The pilots of the Solar Impulse 2 have described their year-long attempt to fly around the world powered solely by the sun as the "definition of adventure."
Speaking to CNBC shortly after landing in Abu Dhabi Tuesday, pilot and chairman Bertrand Piccard said the round-the-world trip had "some elating moments but also difficult moments, setbacks even, and this is the definition of adventure."
Solar Impulse 2 landed in Abu Dhabi more than a year after its initial take off, marking the end of an epic 25,000-mile (40,000-kilometer) journey. The plane made 16 stops, including in India, China, the U.S., Italy, Egypt and the United Arab Emirates -- where it first took off.
The Swiss-engineered single-seater aircraft is powered by 17,248 solar cells and runs on battery power at night. Its average airspeed was 46 mph, though that increased during the day when the sun's rays were strongest.
It took 70 hours for the plane to cross the Atlantic and 118 hours across the Pacific.
On Sunday, Piccard took off from Cairo in Egypt to complete the last leg of the journey, landing 48 hours and 37 minutes later in Abu Dhabi at 2:05 a.m. CEST on Tuesday.
"It really shows that you can do incredible things with clean technologies, renewable energies, like flying day and night on solar power with an airplane (with) unlimited endurance because you don't need to refuel," Piccard told CNBC.
The trip has not been without its hiccups. Last year, the plane suffered "irreversible damage to overheated batteries" after a record breaking flight between Nagoya and Hawaii that lasted more than four days. It had to be grounded for several months while repairs took place.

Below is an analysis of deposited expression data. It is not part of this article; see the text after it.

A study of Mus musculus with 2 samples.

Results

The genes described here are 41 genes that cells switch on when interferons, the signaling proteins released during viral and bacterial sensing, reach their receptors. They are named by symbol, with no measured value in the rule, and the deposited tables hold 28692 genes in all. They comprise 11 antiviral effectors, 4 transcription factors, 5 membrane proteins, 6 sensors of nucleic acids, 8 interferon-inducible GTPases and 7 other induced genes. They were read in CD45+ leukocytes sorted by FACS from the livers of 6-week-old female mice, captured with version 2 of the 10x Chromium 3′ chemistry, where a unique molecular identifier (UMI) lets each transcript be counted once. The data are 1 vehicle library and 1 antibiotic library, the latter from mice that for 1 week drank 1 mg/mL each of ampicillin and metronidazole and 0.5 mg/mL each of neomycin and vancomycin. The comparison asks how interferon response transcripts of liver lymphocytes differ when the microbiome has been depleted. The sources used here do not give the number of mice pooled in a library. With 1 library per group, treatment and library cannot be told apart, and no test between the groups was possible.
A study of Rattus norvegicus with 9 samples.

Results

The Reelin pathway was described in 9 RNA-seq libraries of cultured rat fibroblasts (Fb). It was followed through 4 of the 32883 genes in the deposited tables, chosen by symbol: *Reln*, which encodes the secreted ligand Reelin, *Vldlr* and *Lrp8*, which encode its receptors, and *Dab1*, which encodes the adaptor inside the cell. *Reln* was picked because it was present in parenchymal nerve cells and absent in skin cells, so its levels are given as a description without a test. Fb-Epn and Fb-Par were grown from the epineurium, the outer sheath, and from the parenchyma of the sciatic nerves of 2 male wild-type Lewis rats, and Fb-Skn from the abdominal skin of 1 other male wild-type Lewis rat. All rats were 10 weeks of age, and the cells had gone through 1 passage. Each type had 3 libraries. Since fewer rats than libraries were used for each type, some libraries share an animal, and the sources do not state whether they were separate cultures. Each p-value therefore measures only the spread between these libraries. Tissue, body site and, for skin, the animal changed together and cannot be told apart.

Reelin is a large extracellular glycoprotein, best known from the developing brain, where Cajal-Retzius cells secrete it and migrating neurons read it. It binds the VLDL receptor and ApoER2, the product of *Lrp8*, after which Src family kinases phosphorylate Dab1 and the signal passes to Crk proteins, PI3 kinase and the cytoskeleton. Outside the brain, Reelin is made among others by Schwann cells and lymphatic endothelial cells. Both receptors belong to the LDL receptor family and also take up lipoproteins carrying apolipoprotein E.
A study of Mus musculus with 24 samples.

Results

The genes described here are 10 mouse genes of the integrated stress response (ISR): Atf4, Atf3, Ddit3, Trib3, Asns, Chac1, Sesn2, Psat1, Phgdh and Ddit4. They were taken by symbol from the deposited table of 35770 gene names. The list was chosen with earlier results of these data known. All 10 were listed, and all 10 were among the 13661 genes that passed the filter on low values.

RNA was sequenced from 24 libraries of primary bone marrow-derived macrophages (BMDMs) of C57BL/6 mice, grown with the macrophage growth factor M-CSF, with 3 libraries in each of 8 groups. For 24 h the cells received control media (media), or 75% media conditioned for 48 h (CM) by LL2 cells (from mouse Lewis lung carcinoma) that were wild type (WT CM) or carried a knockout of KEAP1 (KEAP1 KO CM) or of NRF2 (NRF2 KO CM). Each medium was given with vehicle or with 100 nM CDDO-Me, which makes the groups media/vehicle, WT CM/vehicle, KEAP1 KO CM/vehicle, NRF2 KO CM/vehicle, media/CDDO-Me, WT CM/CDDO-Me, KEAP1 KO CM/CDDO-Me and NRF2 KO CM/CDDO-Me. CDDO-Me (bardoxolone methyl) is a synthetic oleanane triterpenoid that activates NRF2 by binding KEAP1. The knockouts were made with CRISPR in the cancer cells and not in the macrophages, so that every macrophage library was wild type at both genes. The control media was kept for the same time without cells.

"We arrived… thanks to two things: first, that the airplane is using solar energy as the only source of energy and second, that this airplane is extremely energy efficient," André Borschberg, chief executive and pilot of Solar Impulse, told CNBC.
"Thanks to this efficiency… (we can) fly through the night with an airplane powered by the sun only," he added before going on to explain that Solar Impulse 2 was the first airplane ever developed with "unlimited endurance."
The world first trip has drawn praise from around the world.
In a live streamed chat with Piccard during the last hours of the flight, United Nations secretary general Ban Ki-moon expressed his "deepest admiration and respect" for the pilot's courage. "This is a very historic day, not only for you (but) for humanity," Ki-moon added.
While the journey is an undoubted feat of human endurance, for Piccard the message is bigger.
"Very often when you speak about the protection of the environment it's boring and expensive and we wanted to demonstrate that it's exactly the opposite, that you have now clean technologies that are profitable, they create jobs, they make profit, they sustain growth and at the same time if they were implemented everywhere they would divide by two the CO2 emissions of our world and save natural resources and decrease pollution," he said.
Piccard added that best way to demonstrate this was to embark on a "spectacular" project like Solar Impulse that would attract the attention of people and offer solutions. "This is one of the solutions… not only for aviation, but for energy in general to be more efficient with natural resources of our planet and show that there are other ways of thinking and other ways of doing."
The Associated Press contributed to this report.